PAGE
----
Photographer: Patricia Monteiro/Bloomberg

Emerging Markets Erase Brexit Losses as Contagion Concerns Wane

  • Stock benchmark gains 4.1% this week, most in four months
  • Brazilian real, South African rand lead currencies higher

Emerging-market stocks rose for a fourth day, erasing post-Brexit losses, on signs that global central banks will act to avoid economic contagion from the U.K.’s vote to leave the European Union.

The MSCI Emerging Markets Index rose 0.6 percent to 839.25, 3.8 points above the closing level on the June 23 referendum day. The benchmark posted a 4.1 percent weekly gain, the most since March. Nine of 10 industry groups advanced Friday, with raw-material and health-care stocks rallying the most.

Here are some of the market moves that were standing out Friday:

  • The Ibovespa posted a third weekly advance after Finance Minister Henrique Meirelles said in a radio interview that he’s certain Brazil’s economy will grow next year
  • Turkey’s equity benchmark climbed 1.5 percent to a one-week high as deals buoyed Arcelik AS and Turkiye Garanti Bankasi AS
  • Indian stocks capped the best week since May on expectations that pay hikes for federal staff will increase demand
  • The Taiex Index rallied 0.8 percent to a three-month high after Taiwan’s central bank cut interest rates
  • Angolan Eurobonds tumbled after President Jose Eduardo dos Santos said the country is struggling to meet debt payments because of the crash in crude prices

Central bankers from major economies moved swiftly to contain the panic in financial markets after the June 23 referendum. Bank of England Governor Mark Carney signaled that U.K. rates could come down within months as the country looks for a new prime minister to negotiate its EU withdrawal. The European Central Bank may add to its stimulus, while the Bank of Japan is willing to inject more funds. Futures traders now project the Federal Reserve probably won’t to raise U.S. interest rates before January 2018.

“The Brexit risk has been absorbed in emerging markets,” said Luca Paolini, chief strategist at Pictet Asset Management in London. “I don’t think it will have a massive impact on anybody else other than the U.K. Unless we see a big risk of economic contagion, the probability of which is quite low, we are pretty much back to the pre-Brexit situation.”

Emerging-market stocks, which lost $407 billion on the day following the referendum on concern that Britain’s exit from the EU will undermine trade and investment flows, now trade at an average 12.1 times projected earnings, the highest valuation since June 10. Paolini said he expects them to outperform developed-market equities this year and favors South Korea in the short-term and India and Indonesia in the long term.

Brazil, Turkey

The Ibovespa rose 1.4 percent in Sao Paulo, pushing the weekly advance to 4.2 percent. Meirelles said in an interview with Radio Estadao that if Acting President Michel Temer’s economic measures are quickly approved in Congress, the nation’s return to growth will be fast.

The Borsa Istanbul 100 Index posted a 3.4 percent gain this week. Arcelik rallied 7 percent Friday after signing a deal to buy Pakistan-based Dawlance group companies for $258 million. Garanti added 1.5 percent after saying it obtained a $300 million loan from the Export-Import Bank of China.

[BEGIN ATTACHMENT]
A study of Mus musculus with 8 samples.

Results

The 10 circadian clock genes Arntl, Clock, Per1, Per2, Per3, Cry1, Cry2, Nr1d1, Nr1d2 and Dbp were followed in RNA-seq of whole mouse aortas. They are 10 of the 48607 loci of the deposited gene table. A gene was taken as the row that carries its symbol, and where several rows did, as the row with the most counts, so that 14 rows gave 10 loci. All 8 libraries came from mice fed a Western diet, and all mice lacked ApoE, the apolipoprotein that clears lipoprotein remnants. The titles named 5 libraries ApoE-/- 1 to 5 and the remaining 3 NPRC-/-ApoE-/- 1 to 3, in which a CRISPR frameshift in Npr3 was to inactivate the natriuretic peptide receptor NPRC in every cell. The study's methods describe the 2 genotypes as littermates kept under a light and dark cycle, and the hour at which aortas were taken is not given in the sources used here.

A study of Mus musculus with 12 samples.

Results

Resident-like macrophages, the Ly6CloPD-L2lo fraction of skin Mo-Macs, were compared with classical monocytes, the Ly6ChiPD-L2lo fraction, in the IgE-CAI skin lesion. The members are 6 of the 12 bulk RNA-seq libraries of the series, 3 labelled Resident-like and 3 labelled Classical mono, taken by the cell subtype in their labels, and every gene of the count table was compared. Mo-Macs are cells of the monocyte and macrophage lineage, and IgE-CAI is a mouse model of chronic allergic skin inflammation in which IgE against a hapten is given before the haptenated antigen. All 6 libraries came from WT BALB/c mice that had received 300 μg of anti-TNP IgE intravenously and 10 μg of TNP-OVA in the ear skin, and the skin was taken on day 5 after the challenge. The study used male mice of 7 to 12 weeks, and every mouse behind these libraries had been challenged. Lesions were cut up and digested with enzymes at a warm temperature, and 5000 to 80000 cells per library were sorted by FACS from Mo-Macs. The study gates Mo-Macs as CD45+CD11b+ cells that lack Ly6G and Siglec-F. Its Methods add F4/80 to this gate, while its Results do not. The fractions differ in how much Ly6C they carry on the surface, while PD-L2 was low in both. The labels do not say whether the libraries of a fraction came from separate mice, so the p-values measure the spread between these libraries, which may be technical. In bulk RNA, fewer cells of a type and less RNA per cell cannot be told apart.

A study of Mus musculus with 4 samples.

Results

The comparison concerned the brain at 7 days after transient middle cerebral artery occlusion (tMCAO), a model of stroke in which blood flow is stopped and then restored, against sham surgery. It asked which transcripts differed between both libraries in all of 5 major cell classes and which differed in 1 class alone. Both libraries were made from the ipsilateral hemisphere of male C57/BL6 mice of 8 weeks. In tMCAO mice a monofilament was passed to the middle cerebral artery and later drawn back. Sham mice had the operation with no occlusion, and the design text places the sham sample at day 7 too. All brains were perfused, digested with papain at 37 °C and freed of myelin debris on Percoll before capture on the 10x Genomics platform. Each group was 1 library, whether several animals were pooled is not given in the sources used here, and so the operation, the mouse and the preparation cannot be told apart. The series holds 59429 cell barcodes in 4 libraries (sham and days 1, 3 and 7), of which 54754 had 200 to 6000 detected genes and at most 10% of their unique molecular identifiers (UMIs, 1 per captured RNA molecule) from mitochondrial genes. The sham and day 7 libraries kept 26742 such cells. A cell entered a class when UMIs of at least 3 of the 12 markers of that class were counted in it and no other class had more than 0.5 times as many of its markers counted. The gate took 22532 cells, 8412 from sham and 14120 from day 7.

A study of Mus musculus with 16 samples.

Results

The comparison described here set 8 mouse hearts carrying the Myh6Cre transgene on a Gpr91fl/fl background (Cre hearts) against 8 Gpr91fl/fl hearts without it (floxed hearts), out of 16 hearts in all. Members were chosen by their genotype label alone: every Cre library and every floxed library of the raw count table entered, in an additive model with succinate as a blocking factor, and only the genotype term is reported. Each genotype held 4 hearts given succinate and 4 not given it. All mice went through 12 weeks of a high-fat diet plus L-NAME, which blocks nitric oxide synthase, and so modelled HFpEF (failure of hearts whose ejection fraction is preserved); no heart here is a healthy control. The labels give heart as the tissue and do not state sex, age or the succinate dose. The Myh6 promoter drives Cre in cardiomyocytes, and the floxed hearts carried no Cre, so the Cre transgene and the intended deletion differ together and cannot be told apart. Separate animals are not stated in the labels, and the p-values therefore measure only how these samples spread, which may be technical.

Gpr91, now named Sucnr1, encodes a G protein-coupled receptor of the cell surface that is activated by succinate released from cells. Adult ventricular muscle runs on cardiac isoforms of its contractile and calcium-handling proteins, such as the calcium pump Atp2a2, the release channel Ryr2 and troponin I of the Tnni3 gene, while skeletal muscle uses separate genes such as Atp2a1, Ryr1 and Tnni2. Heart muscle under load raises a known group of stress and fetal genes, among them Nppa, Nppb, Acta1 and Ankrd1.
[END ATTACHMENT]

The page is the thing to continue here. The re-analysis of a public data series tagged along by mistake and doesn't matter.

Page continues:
The Philippine Composite Index closed at its highest level since May 2015. SM Investments Corp. gained 2.4 percent Friday as investors bet that the country will speed up its infrastructure projects after President Rodrigo Duterte officially took office on Thursday.

The S&P BSE Sensex gained 0.5 percent. Indian state-controlled fuel retailers Bharat Petroleum Corp. and Indian Oil Corp. jumped to records on optimism the $13 billion pay increase for federal staff will boost demand for cars.

Currencies

The Brazilian real and South African rand led weekly gains in developing nation currencies this week, each strengthening more than 3.5 percent against the dollar. Russia’s ruble gained 2.3 percent as Brent crude sold for more than $50 a barrel in London.

China’s yuan posted a fourth weekly decline amid speculation the authorities are allowing the currency to weaken in the wake of Brexit, which is clouding the outlook for the world’s second-biggest economy. An official gauge of manufacturing for June came in at 50, the dividing line between expansion and contraction, compared with the previous month’s 50.1.

The MSCI Emerging Markets Currency Index gained 0.1 percent Friday, pushing its five-day gain to 1.3 percent.

Angola Eurobonds

Yields on Angola’s $1.5 billion of Eurobonds due in November 2025 increased 67 basis points to 10.4 percent. The president said at a meeting of the ruling MPLA party that revenues are “barely enough” to pay off debt owed by the government and Sonangol, the state oil company, according to a broadcast on state TV Friday.

China’s corporate bond sales tumbled the most in almost five years in the second quarter as defaults surged. That was the sharpest quarter-on-quarter decline since September 2011. Issuance is still more than twice the level of four years earlier.

The premium investors demand to own emerging-market debt over U.S. Treasuries fell three basis points to 384 basis points, narrowing for a fourth day to the lowest level since the day of the U.K. referendum.

according to JPMorgan Chase & Co. indexes.